Trudeau is somehow right on Venezuela


National Post, 30 January 2019

Having youthful illusions shattered by reality is painful, but the prime minister is holding up admirably well

Having youthful illusions shattered by reality is painful, but the prime minister is holding up admirably well. He held his youthful illusions well into middle age, so it is past time to let them go.

In was in 2013 that Justin Trudeau expressed his “admiration” for China because its “basic dictatorship” enabled the regime to move fast. So fast that in a diplomatic dispute it can get a Canadian hauled into court to be re-sentenced to death. The prime minister likely laments that feature of basic dictatorship.

In 2016, a year into Trudeau’s premiership, Fidel Castro died, and earned a warm and affectionate eulogy, wherein Justin fondly remembered his boyhood visits, conceding only that decades of murderous communist rule had made “El Comandante” — yes, he used that title — a wee bit “controversial.” Now Fidel’s protégé’s protégé, Nicolás Maduro of Venezuela, successor to Hugo Chavez, has been declared illegitimate by the National Assembly of Venezuela. And Canada, joining the United States and dozens of other countries, has recognized Juan Gaidó, head of the National Assembly, as interim president.

Good for Trudeau. The Cold War is long over, even if the afterburn of petro-communism has reduced Venezuelans to picking through garbage for food. What was fun for Trudeau père, to foster a bromance with Fidel in order to annoy the Americans, is passé. In the age of the Davos superelite, one goes instead to the Bahamas, lolling about on the private island of billionaire friends to discuss the middle class and those working hard to join it.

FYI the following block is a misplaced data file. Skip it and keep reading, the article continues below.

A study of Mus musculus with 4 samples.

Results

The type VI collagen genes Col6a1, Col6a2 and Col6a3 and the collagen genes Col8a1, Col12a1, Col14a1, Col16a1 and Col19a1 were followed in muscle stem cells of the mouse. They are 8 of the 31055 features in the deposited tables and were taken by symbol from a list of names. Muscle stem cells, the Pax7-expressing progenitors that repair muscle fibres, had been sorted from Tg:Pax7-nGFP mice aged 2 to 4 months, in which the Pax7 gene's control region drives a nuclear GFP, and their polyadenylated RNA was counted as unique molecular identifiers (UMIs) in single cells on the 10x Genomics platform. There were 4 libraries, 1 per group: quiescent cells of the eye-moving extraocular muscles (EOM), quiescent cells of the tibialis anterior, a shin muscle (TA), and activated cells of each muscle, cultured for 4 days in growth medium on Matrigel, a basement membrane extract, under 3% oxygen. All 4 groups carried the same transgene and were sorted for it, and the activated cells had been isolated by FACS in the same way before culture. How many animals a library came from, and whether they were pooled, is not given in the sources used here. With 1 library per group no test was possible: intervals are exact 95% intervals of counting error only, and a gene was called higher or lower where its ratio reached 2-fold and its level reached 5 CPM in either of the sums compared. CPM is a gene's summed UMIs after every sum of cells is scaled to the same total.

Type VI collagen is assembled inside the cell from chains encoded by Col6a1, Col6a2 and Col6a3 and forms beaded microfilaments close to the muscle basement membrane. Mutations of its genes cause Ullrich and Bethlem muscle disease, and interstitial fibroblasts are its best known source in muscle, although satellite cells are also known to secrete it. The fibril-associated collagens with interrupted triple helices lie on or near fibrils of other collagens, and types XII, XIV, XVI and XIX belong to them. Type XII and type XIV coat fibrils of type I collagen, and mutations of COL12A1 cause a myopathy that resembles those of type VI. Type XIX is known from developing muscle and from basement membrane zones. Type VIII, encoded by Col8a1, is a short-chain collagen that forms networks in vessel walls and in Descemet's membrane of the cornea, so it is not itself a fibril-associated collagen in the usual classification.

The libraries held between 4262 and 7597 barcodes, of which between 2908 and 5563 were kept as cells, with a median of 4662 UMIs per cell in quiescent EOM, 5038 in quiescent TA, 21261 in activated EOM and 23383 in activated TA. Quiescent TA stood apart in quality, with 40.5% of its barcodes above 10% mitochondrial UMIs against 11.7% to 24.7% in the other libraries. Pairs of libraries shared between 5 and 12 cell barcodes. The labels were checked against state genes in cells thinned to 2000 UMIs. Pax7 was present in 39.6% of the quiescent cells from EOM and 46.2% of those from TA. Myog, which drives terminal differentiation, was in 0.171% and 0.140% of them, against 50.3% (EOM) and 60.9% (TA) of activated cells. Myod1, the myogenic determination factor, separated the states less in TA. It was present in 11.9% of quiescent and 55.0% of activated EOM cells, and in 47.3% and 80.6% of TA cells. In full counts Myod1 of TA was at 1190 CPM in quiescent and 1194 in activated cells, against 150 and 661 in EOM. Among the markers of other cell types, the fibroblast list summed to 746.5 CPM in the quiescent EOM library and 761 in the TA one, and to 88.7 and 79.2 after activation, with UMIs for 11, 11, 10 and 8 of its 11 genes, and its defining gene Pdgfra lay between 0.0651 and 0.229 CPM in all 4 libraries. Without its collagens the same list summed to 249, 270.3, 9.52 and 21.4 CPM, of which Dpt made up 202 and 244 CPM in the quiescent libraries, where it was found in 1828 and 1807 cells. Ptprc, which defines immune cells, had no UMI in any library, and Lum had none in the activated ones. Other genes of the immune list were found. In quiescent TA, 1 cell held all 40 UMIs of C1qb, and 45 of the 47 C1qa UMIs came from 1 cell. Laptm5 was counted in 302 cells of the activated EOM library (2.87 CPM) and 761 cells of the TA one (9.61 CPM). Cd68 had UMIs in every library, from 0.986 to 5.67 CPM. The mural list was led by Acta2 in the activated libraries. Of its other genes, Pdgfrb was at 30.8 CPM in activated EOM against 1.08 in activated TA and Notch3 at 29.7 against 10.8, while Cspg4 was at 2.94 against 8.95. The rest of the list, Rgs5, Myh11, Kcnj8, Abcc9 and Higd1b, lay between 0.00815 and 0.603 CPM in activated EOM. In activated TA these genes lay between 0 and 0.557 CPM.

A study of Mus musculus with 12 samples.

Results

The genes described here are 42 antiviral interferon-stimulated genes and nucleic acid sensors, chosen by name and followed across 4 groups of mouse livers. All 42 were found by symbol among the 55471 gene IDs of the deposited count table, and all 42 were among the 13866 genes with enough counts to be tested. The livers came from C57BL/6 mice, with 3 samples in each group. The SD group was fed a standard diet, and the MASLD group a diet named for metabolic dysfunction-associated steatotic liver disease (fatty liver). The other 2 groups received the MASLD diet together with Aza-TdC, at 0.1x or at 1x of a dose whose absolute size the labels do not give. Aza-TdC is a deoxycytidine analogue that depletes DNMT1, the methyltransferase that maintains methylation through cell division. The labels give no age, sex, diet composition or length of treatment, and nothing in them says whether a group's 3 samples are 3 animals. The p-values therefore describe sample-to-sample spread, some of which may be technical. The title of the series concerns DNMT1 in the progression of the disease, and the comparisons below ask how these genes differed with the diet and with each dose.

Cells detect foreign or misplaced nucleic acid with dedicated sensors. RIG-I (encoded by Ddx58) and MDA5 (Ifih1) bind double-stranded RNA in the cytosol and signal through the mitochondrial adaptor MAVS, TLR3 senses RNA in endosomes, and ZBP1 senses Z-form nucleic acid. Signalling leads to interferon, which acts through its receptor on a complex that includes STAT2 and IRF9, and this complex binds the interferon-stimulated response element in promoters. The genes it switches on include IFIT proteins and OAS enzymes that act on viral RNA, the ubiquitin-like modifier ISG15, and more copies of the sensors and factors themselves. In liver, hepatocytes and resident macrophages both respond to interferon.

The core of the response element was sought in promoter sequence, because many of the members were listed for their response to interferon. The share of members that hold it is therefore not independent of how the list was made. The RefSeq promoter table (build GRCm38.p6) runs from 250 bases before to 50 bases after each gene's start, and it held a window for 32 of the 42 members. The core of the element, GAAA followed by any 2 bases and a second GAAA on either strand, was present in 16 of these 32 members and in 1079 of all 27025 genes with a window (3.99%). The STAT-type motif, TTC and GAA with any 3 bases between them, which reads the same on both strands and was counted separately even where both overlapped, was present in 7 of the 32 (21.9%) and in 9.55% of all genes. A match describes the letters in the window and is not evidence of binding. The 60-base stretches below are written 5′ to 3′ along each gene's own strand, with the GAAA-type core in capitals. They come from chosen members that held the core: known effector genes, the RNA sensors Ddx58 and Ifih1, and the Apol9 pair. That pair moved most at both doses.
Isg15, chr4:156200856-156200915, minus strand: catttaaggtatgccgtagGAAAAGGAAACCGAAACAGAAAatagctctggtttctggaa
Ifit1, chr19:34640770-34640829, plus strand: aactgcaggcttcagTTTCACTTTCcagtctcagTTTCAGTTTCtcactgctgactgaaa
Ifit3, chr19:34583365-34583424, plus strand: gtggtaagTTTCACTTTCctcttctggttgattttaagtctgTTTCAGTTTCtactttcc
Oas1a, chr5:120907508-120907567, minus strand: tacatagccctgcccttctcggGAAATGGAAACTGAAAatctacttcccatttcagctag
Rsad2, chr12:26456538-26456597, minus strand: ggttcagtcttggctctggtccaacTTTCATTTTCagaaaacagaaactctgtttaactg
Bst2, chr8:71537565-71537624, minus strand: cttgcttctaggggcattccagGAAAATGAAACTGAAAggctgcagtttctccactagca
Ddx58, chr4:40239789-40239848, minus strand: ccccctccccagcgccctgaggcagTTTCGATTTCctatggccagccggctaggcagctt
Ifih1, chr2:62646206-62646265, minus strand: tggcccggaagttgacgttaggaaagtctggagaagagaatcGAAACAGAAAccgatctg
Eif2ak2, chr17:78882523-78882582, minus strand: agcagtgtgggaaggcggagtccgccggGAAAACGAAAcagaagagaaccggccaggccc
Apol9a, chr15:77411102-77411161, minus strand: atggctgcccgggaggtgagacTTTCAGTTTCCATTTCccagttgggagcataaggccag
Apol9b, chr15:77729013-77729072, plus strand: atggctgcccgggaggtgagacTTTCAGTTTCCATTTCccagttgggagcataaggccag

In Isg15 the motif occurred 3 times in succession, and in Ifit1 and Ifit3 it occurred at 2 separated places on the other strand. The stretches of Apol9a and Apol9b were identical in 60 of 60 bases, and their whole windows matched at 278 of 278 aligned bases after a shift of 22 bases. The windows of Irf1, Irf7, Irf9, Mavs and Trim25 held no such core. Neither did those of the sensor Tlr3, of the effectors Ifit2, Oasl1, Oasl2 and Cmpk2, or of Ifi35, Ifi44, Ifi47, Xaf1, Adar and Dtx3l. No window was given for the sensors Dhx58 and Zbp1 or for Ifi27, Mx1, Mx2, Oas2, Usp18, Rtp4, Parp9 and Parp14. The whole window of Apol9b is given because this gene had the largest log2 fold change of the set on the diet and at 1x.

It is a credit to Trudeau that he did not indulge in any reflexive anti-Americanism by refusing to recognize Gaidó just because the Americans did. Of course it is not just the Americans. The world’s patience with what 20 former Latin American presidents have called a “military narco-dictatorship” has long run out, even as millions of Venezuelans are literally running out of their country, causing a massive refugee crisis in Colombia and Brazil.

In addition to Canada and the United States, Gaidó has been recognized by Brazil, Argentina, Colombia, Peru, Ecuador, Paraguay, Chile, Costa Rica, Guatemala and Honduras. France, Germany, Spain and the United Kingdom demanded that Maduro call for fresh elections this week, pledging to otherwise recognize Gaidó as president. The European Union joined in that same ultimatum.

Maduro has the support, critically, of the Cuban-backed military, which are keeping him in power. Internationally, he is backed by Russia, Iran and Turkey.

And Canada’s New Democrats. Demonstrating that his up-to-date fashion sense does not preclude holding onto the worst of retro anti-American Cold War thinking, NDP Leader Jagmeet Singh backed Maduro, a throwback to the days of the fellow travellers on the left. They weren’t communists, but they were certainly against the anti-communists. Anti-anti-communism was rarely about the suffering people of the country in question; it was usually about the United States.

“Canada should not simply follow the U.S.’s foreign policy, particularly given its history of self-interested interference in the region,” Singh said in a statement.

What was good for starving and brutalized Venezuelans seemed to be less important to Singh than not agreeing with Donald Trump. His principal concern appeared to be protecting his left flank against a future challenges to his floundering leadership. Both Niki Ashton and Svend Robinson — there’s a Cold War relic coming back — issued statements decrying the Americans more than Maduro himself.

Ashton tweeted her objections with the hashtag #HandsOffVenezuela, which would have been something relevant to say to Cuba nearly 20 years ago. Trudeau fils could have told that to Fidel directly at his father’s funeral in 2000, at which Castro was the only sitting head of government to attend. Cuba’s police state already had its hands on Venezuela’s neck, all the better to secure power for Chavez.